Posted on: 11 September 2020Share
Some types of injury cases overlap with what are functionally criminal cases. When this overlap occurs but doesn't involve malice, the actions of the defendant may be construed as negligence per se. Notably, negligence per se typically makes it easier for a personal injury attorney to establish that a defendant owed a duty of care to not let others be harmed.
You can hire a personal injury lawyer to help you file an insurance claim or a lawsuit against the defendant under civil law. Take a look at how this might apply to what happened to you.
1. Violating a Public Safety Statute
There are a lot of criminal statutes, but negligence per se only arises from incidents covered by public safety rules. For example, a driver who hits a person legally crossing a street at a crosswalk is liable for any resulting injuries. Similar issues can arise from animal bite cases involving domesticated animals that are normally kept as pets. Notably, a case involving an exotic animal might be easier to pursue under the doctrine of strict liability because the law presumes liability for all injuries caused by animals reasonable people don't normally keep.
Injuries from some violent actions may fall under this heading, too. Suppose a restaurant customer threw a glass on the floor because they were angry about the quality of the service. If a piece of glass injured someone else, the defendant might be found liable. However, clients can pursue compensation for many violent actions based on the simpler concept of malice.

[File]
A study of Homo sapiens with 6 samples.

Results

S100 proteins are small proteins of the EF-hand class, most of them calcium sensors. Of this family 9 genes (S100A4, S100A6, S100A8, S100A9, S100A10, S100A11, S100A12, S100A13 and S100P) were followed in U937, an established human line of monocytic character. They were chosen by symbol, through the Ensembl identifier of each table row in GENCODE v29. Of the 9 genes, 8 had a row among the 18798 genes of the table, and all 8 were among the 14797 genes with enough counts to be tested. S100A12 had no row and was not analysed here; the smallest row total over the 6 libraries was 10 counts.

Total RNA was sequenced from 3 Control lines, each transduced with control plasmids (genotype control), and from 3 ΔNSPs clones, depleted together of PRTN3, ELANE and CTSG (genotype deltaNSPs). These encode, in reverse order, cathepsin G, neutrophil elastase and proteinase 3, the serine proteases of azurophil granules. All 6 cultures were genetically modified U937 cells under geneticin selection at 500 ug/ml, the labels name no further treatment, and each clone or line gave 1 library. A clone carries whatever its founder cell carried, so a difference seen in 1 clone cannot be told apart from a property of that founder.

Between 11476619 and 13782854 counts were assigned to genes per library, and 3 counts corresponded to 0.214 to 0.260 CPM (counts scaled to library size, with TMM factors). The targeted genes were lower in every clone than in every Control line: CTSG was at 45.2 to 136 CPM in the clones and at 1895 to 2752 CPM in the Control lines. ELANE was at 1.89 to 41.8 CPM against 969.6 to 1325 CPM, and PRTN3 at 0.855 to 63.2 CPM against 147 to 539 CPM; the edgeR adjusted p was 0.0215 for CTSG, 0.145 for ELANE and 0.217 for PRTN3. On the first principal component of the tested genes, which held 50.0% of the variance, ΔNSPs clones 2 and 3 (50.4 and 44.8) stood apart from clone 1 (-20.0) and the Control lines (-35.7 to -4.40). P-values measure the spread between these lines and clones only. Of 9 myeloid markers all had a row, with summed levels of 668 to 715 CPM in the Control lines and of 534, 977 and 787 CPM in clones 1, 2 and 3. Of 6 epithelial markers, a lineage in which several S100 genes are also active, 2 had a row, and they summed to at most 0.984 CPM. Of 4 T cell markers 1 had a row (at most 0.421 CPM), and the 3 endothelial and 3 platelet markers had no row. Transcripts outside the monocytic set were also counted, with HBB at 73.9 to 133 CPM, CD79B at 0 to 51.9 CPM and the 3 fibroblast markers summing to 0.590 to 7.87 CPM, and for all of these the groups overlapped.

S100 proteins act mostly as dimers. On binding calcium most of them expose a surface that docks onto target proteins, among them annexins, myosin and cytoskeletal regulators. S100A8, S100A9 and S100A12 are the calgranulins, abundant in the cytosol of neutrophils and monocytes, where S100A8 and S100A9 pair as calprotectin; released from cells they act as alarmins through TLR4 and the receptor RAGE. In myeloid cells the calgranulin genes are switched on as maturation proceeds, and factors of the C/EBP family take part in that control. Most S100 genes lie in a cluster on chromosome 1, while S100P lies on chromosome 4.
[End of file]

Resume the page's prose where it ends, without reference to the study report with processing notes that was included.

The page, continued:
2. Provable Medical Harm
If someone's unthinkable stupidity left you unscathed, you don't have a case. A personal injury attorney will want medical evidence that a client suffered significant harm. Consider the previous example of a piece of glass that hit someone. If the glass just nicked their skin and the injury could be treated with a band-aid, it's not compensable. On the other hand, the injury is potentially compensable if the glass was lodged in the victim's eye.
3. The Criminal Statutes Was Supposed to Protect the Victim
Look at statutes that require drivers to stop for pedestrians legally crossing at crosswalks. Such laws are specifically intended to prevent pedestrians from being hurt or killed. In a related civil case, a court would likely deem negligence per se applicable. The violation also has to be the proximate cause of the injury. If you dove to get out of the way of the car, for example, the driver's actions are the proximate cause. Without a vehicle heading toward you, you wouldn't do anything so drastic.